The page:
I must write about something other than John Hemming MP and his causes soon, or else I’ll become an obsessed man, and start suing everyone, or something.
But before leaving the subject, I must pick up on something written by Christopher Booker on the Telegraph website over the weekend, in a piece critical of Sir Nicholas Wall, President of the High Court’s Family Division. In case you need reminding, Sir Nicholas is the judge who last week published details of the case involving Vicky Haigh, who John Hemming had named in Parliament; he’s also the judge who sharply criticised John Hemming MP for his conduct in another case, RP v Nottingham City Council, in 2008.
Christopher Booker tells us that John Hemming complained to the judicial ombudsman about Sir Nicholas. The reference to a forged document strongly suggests the complaint related to the RP case, in which Hemming claimed a solicitor had stooped to forgery.
In 2008, in another case, he was complained about to the judicial ombudsman by John Hemming MP, after he had witheringly dismissed Hemming’s arguments that a crucial document in the case was forged. “I find it not only unacceptable but shocking,” Wall ruled, “that a man in Mr Hemming’s position should feel able to make so serious an allegation without any evidence to support it. In my judgment it is irresponsible and an abuse of his position.”
Mr Hemming presented the ombudsman with several pages of transcript showing how he had produced lengthy evidence for his claim, set out in meticulous detail.
Christopher Booker merely tells us the fact that Hemming made a complaint, of course: he tells us nothing about the outcome.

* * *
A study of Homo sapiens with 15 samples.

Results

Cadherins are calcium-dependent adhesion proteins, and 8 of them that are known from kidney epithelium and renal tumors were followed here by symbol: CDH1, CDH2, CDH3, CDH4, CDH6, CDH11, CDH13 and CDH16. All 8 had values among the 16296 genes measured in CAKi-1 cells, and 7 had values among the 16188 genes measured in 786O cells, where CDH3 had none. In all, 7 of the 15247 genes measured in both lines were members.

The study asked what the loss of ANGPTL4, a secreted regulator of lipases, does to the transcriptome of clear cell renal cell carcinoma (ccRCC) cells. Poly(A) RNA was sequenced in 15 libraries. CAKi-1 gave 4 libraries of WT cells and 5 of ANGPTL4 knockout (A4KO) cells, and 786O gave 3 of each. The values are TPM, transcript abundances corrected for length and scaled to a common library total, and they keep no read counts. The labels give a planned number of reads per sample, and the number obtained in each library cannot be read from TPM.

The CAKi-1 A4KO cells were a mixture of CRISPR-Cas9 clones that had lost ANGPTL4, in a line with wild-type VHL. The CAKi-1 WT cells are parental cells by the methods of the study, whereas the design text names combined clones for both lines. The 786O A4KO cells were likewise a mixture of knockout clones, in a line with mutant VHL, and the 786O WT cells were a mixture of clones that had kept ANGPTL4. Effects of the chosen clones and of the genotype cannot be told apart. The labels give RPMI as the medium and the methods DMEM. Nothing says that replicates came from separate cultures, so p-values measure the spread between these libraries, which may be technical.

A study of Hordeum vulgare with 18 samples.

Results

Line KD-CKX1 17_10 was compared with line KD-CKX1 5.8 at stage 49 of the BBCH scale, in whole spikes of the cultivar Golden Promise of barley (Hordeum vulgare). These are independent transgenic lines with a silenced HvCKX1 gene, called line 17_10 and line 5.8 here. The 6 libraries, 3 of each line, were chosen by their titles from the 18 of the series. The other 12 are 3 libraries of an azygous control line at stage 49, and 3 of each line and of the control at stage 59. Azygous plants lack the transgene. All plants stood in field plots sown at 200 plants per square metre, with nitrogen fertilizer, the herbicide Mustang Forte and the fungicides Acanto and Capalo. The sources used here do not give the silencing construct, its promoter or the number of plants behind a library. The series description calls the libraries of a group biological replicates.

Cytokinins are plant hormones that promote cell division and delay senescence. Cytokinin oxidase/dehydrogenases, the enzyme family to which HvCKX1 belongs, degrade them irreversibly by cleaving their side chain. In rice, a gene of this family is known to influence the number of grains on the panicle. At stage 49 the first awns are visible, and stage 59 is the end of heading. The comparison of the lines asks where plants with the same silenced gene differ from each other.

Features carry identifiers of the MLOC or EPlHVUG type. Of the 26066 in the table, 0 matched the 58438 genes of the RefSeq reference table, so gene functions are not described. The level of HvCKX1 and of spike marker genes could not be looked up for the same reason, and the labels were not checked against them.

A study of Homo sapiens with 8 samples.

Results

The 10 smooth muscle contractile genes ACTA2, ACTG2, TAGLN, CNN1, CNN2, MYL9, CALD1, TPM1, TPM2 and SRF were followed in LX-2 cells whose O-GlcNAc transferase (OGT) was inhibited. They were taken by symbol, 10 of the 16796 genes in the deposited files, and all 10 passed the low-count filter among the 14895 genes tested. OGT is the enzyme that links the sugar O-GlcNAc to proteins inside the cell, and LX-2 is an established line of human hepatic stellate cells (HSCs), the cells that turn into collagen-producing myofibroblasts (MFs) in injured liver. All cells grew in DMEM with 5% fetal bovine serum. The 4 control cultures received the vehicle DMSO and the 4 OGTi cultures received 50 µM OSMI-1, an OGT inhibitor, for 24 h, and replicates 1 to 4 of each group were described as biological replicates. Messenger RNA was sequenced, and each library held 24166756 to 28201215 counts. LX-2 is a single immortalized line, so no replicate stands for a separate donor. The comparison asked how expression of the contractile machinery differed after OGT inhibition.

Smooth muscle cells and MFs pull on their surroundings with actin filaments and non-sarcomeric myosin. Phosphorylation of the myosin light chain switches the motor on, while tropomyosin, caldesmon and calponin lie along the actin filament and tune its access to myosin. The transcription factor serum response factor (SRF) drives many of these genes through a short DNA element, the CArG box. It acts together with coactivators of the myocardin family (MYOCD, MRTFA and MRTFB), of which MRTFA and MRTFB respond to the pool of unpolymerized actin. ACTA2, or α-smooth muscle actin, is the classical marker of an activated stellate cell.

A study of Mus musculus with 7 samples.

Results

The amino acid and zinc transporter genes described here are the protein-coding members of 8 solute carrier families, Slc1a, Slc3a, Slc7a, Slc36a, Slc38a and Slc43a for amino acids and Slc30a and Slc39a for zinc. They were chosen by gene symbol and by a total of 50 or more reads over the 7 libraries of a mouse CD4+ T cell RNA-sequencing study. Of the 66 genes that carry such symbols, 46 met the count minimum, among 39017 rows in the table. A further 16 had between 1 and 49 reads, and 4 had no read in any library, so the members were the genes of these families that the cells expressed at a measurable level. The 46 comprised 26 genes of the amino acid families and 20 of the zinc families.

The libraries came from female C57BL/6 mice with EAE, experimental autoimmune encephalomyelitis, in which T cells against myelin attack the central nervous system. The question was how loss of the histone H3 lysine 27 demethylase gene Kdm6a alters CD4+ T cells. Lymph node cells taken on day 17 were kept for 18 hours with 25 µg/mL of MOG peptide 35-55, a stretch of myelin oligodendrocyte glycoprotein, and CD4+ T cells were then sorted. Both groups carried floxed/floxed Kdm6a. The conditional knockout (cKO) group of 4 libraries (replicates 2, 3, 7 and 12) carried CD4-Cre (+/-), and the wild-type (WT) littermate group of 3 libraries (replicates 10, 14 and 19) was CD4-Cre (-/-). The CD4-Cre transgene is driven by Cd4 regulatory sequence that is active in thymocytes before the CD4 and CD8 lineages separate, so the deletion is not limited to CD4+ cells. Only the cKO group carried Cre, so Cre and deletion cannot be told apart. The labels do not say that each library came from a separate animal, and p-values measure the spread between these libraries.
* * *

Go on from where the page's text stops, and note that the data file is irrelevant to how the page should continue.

In fact the Judicial Appointments and Conduct Ombudsman does not rule on complaints about judges’ conduct, in spite of the title of the office. The guidance provided at the JACO website makes clear that it only considers complaints about the handling of complaints to the Office for Judicial Complaints. The ombudsman will only consider a case if it’s already been decided by the OJC, and the complainant is not satisfied.
So assuming – as I do – that Christopher Booker is right about John Hemming going to the ombudsman, it must follow that he complained initially to the OJC. We know nothing, again, about the outcome: the complaints process is confidential, and the OJC routinely relies on a combination of section 139 of the Constitutional Reform Act 2000 and section 44 of the Freedom of Information Act 2000 in refusing requests for information about them. But the OJC does issue investigation statements in some cases, and the list goes back to April 2008 – before the RP case. The earliest tells us about a reprimand issued to a High Court judge, for instance. But there is no investigation statement relating to Sir Nicholas Wall.
So we can’t tell whether Hemming’s complaint was dismissed out of hand by the OJC, or on the advice of the nominated judge without the need for investigation, or whether it got any further than that.
But I suspect that, had it succeeded, either John Hemming himself or perhaps Christopher Booker would have told us so. Taking that together with the lack of any investigation statement, and the fact that Hemming remained dissatisfied and applied to the ombudsman, I am led to conclude that John Hemming’s complaint against Sir Nicholas Wall was dismissed.
I am as always happy to be corrected by anyone who knows better.